Happy Hairball Awareness Day!

Swallow these facts on hairballs and other undigestibles

National Museum of Health and Medicine

Hairballs aren’t just for cats anymore, and the National Museum of Health and Medicine wants to be sure America knows it. Really, truly, today is National Hairball Awareness Day. While there’s not yet a commemorative Hallmark card (we hope) there is a special presentation, and “hands-on” activity, at noon today at the Walter Reed Army Medical Center in Washington D.C.

Is this holiday not the handiwork of someone twisted? Here’s what you need to know:

  • Hairballs don’t discriminate. Many animals other than cats—particularly cows, goats, and other cud-chewers—are susceptible to indigestible gunk accumulating in their stomachs. The stuff can’t squeeze past the narrow opening to the large intestine, and can become a ball that doctors call a bezoar. A hairball was once reported in a cow-preening chicken. And yes, people get them, too— usually kids who compulsively eat hair.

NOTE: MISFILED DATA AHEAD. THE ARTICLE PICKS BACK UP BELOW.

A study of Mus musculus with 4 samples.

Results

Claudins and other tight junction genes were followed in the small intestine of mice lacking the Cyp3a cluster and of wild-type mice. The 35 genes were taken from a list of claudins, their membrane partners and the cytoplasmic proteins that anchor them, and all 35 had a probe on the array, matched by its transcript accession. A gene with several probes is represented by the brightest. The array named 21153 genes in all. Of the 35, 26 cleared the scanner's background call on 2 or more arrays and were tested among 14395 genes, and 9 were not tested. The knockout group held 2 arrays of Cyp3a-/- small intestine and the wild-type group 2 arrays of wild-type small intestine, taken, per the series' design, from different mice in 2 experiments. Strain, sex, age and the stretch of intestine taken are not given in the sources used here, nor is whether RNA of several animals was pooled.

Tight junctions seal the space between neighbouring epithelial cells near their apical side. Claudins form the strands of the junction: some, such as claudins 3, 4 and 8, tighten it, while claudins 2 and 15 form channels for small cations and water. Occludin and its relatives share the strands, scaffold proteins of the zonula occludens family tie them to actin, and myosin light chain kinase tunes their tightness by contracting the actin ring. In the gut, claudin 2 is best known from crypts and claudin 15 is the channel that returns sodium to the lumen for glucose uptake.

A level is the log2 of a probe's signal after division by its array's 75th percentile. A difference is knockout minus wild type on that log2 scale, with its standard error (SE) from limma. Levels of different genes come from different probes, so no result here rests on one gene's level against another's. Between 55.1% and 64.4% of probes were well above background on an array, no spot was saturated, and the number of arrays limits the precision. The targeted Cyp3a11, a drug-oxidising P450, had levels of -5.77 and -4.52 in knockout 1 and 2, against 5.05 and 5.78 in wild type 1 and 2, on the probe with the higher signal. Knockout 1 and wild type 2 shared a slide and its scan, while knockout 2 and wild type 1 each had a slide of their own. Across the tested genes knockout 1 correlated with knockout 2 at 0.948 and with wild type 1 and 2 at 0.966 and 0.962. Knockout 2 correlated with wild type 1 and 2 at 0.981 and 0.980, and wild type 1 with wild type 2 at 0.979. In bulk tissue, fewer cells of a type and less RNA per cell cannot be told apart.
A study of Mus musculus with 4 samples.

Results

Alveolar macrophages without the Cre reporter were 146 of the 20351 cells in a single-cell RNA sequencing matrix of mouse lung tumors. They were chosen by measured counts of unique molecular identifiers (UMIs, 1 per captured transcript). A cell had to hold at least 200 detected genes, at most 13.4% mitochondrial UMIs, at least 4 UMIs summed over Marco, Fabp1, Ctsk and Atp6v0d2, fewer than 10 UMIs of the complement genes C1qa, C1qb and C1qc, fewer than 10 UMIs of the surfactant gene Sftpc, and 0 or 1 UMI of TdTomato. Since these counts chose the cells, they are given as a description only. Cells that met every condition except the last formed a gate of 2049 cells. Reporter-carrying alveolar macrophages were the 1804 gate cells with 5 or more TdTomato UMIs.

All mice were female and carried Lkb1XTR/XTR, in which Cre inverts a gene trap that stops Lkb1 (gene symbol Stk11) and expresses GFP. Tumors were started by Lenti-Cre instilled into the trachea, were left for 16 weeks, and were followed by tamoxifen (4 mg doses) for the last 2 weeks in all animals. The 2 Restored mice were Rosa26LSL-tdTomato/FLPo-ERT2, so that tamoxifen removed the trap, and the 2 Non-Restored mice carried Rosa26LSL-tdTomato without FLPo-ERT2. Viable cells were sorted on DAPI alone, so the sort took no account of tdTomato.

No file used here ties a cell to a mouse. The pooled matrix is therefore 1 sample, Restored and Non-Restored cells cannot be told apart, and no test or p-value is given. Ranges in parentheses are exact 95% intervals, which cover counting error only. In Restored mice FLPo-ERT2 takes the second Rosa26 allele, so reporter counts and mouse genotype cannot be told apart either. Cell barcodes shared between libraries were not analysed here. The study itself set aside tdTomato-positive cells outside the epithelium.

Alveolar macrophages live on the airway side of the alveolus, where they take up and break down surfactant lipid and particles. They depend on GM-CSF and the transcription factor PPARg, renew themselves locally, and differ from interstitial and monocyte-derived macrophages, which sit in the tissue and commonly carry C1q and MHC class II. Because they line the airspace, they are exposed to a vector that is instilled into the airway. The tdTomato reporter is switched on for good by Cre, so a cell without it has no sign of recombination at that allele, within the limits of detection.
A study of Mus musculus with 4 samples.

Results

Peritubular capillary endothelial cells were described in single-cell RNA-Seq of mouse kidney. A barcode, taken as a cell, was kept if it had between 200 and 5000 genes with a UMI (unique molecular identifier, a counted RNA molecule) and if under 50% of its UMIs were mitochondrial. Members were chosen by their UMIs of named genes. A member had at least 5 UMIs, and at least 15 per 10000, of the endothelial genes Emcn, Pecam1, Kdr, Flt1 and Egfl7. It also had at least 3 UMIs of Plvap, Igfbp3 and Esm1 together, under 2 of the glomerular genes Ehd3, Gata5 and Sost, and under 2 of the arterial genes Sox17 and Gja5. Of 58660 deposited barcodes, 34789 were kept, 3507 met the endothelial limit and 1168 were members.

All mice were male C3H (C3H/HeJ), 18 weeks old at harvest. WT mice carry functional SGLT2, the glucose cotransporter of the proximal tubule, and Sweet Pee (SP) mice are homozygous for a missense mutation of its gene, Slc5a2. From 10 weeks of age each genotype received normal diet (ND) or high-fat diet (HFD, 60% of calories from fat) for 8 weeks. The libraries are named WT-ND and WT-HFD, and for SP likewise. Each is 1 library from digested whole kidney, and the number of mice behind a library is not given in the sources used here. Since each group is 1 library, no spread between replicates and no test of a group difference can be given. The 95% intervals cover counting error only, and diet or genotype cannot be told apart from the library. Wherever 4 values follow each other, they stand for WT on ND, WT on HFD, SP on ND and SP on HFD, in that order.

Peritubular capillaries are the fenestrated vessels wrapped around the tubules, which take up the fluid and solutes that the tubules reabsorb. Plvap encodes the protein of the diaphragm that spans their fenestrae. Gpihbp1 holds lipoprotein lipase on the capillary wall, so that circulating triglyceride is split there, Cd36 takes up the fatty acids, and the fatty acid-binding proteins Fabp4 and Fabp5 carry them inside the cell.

• They needn’t be made of hair. Your traditional hairball is technically called a trichobezoar. But they can also form in people from nondigestible food parts, like celery, grape skins, sauerkraut, or gum (making the rumored grave consequence of swallowing gum entirely possible). This version is called a phytobezoar. Diospyrobezoars are specialty phytobezoars made of persimmon parts. Pharmacobezoars form from amassed pill capsules. Doctors once even discovered a kid’s bezoar made of toilet paper.
  • Hairballs were once treasured. Bezoar derives from the Persian pahnzehr, which means “antidote.” Introduced to Europe from the Middle East in the 11th century, ground-up hairballs from animals were reputed to cure poisoning, epilepsy, and the plague. In the Middle Ages, hairballs were cherished objets, set with gold and jewelry.
  • The latest treatment involves a Coca-Cola stomach pump, and a glass a day thereafter. The carbonic and phosphoric acid in Coke can dissolve some bezoars made of food parts. But serious cases require surgery.

To see what the wide world of hairballs looks like, see the Museum’s online exhibit: Hairballs: Myths and Realities Behind Some Medical Curiosities. And steel your stomach.